27 August 2016
If you’re a female entrepreneur, New York is the place to be, so says the World Economic Forum (WEF).
In a report authored by Joe Myers, WEF’s Formative Content writer, Nigeria placed 23rd out of 31 countries polled for the study.
Nigeria scored 38 points, beating Turkey (36), Uganda (36), Tunisia (29), Egypt (24), India (17), Pakistan (14) and Bangladesh (12).
The U.S. came tops with 71 points, while Canada and Australia scored 69 points each to berth at the second position.
The Big Apple came out on top of a list of 25 cities in research conducted by Dell and data analysis firm, IHS Markit.
Based on the cities in Dell’s own Future Ready Economies research, the report looks at female entrepreneurship at the local level.
Although only based on a limited pool of 50 cities, a clear pattern emerged. European and North American cities dominated the top 10, with just two outside these regions – Singapore and Sydney.
The rating is based on five pillars with over 70 indicators. New York comes on top in two of these and first overall.
Second place goes to the Bay Area, which comprises the San Francisco and San Jose metro areas. It ranked first for talent and second in capital and markets. London takes third place.
The top 25 cities do have a more international feel, featuring cities such as Beijing and Sao Paulo.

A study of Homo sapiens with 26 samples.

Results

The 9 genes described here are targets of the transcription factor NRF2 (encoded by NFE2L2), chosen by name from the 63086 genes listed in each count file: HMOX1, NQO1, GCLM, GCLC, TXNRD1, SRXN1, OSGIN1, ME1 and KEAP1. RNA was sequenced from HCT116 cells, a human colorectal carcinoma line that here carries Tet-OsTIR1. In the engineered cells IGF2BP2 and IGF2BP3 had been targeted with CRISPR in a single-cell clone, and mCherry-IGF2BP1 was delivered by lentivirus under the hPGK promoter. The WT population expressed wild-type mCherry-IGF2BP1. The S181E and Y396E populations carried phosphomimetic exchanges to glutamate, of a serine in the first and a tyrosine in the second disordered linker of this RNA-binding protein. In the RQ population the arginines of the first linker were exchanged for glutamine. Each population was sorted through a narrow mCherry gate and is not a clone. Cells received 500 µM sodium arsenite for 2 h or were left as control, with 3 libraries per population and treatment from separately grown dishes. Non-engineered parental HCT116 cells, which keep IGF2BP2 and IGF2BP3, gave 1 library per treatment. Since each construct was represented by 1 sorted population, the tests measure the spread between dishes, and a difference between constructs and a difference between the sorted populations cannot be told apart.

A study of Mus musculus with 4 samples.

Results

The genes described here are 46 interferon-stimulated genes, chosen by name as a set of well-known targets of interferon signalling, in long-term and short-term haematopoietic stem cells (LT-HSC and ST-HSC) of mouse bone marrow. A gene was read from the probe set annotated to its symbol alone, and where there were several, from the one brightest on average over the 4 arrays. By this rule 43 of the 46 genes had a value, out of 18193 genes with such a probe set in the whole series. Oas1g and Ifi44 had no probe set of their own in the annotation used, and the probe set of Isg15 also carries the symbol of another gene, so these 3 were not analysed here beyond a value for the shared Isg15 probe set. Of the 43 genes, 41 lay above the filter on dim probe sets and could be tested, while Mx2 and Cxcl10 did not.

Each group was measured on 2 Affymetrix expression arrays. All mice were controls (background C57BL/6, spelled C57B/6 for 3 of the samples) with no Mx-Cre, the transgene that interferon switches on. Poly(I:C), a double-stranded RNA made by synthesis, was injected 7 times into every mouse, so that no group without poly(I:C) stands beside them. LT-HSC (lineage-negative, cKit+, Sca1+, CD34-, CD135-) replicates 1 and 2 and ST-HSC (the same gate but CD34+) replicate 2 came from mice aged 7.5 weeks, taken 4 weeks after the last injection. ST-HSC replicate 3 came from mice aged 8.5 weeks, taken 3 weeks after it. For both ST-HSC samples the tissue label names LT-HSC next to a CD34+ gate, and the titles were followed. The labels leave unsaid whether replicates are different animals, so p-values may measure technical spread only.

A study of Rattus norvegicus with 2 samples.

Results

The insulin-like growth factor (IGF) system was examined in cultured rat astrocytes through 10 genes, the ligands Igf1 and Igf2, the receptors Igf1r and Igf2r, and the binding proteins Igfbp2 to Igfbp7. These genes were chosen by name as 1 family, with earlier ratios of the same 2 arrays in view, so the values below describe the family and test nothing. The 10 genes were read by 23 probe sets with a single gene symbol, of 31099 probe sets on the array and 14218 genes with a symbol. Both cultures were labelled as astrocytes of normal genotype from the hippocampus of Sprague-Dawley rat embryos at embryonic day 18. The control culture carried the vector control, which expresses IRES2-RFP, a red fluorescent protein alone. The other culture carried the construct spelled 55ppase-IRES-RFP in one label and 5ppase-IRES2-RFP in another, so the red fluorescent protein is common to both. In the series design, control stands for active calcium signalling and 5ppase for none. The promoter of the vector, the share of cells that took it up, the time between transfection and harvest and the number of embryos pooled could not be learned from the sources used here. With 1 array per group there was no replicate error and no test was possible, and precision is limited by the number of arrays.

The strength of Europe and North America was reflected in previous Dell Research, looking at the best countries for female entrepreneurship.
As the World Economic Forum’s Global Gender Gap report has highlighted, significant gaps remains between men and women in the workplace.
Women continue to earn less than men, while they hold just 28 per cent of leadership roles.
The Forum report highlights the correlation between gender equality and economic performance and competitiveness.
Research suggests that closing the gender gap could boost U.S. GDP by up to 9 per cent and Eurozone GDP by 13 per cent.
Encouraging female entrepreneurship – the “untapped potential” as the Dell report puts it – isn’t just the right thing to do. It also makes economic sense.